Christ the Center discusses the theology of the influential Roman Catholic Karl Rahner. Rahner’s theology is a composite of Kantian, Hegelian and Heideggerian philosophies. The panel discusses these philosophic influences and compares Rahner’s approach to apologetics with a Reformed approach – particularly the system taught by Cornelius Van Til. This episode will prove useful not only for the philosophically-minded apologist but also for anyone interested in seeing the influence of one’s theological system upon apologetic methodology. The discussion may also help listeners to realize that much of modern Roman Catholic theology is quite different from that which was taught during the Reformation.
This episode is brought to you in part by The Confessional Presbyterian, a journal for discussion of Presbyterian doctrine and practice.
This discussion follows the structure of Camden Bucey’s recent paper entitled A Reformed Critique of the Role of Natural Law in Rahnerian Apologetics which won the 2009 Greene Prize in Apologetics at Westminster Theological Seminary. Ten years ago, Jeff Waddington won the same award for his paper Worldviews Collide: The Unapologetic Apologetic of Abraham Kuyper.
Kilby, Karen. Rahner: Theology and Philosophy. London; New York: Routledge, 2004.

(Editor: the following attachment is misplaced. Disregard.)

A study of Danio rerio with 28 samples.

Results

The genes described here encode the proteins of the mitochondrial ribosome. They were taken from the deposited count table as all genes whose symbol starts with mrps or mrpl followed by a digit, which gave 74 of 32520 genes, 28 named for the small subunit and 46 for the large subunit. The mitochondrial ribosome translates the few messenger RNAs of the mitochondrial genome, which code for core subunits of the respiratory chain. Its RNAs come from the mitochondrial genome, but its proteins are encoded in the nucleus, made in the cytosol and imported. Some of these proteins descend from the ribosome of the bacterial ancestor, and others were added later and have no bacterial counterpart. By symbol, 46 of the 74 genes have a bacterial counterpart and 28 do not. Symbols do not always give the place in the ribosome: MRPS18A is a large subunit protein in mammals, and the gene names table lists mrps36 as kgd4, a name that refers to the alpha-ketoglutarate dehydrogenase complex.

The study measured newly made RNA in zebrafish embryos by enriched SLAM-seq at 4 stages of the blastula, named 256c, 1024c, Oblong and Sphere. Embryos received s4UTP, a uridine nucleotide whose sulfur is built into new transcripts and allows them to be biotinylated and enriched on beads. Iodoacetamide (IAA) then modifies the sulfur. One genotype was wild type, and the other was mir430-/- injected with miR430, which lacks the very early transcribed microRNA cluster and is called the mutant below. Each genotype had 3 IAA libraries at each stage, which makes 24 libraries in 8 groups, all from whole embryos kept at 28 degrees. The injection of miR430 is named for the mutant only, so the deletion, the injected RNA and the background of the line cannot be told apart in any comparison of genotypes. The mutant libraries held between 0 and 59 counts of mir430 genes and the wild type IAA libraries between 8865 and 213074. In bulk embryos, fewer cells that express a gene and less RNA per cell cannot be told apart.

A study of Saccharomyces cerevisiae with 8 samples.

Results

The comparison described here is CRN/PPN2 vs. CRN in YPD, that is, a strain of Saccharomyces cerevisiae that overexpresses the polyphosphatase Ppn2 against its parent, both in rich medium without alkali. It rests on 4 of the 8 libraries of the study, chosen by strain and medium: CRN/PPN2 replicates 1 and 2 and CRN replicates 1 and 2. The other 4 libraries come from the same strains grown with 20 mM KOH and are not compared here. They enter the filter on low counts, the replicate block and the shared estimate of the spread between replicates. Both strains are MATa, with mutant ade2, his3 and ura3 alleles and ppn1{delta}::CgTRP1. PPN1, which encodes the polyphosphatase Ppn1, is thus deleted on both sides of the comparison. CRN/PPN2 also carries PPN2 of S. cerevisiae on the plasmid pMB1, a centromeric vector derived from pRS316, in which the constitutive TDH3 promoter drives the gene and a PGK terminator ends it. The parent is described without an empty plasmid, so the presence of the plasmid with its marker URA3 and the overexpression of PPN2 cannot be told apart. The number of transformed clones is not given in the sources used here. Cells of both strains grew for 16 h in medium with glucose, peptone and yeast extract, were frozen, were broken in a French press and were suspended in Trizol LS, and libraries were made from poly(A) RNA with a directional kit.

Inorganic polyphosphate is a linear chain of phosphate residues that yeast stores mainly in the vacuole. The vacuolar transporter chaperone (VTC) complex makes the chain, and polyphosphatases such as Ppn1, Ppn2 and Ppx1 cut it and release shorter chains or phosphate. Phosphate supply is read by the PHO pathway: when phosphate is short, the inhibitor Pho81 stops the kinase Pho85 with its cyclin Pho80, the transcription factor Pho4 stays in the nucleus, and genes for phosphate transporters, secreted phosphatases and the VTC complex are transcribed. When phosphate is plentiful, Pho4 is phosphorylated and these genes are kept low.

Livingston, James C., Francis Schussler Fiorenza, Sarah Coakley, and James H., Jr. Evans. Modern Christian Thought: The Twentieth Century. 2nd ed. Fortress Press, 2006.
Marmion, Declan., and Mary E. Hines. The Cambridge Companion to Karl Rahner. Cambridge companions to religion. Cambridge: Cambridge University Press, 2005.
Rahner, Karl. Foundations of Christian Faith: An Introduction to the Idea of Christianity. New York: Seabury Press, 1978.
Hearers of the Word. [New York: Herder and Herder, 1969.]
Spirit in the World. [New York: Herder and Herder, 1968.]
Christ the Center focuses on Reformed Christian theology. In each episode a group of informed panelists discusses important issues in order to encourage critical thinking and a better understanding of Reformed doctrine with a view toward godly living. Browse more episodes from this program or subscribe to the podcast feed.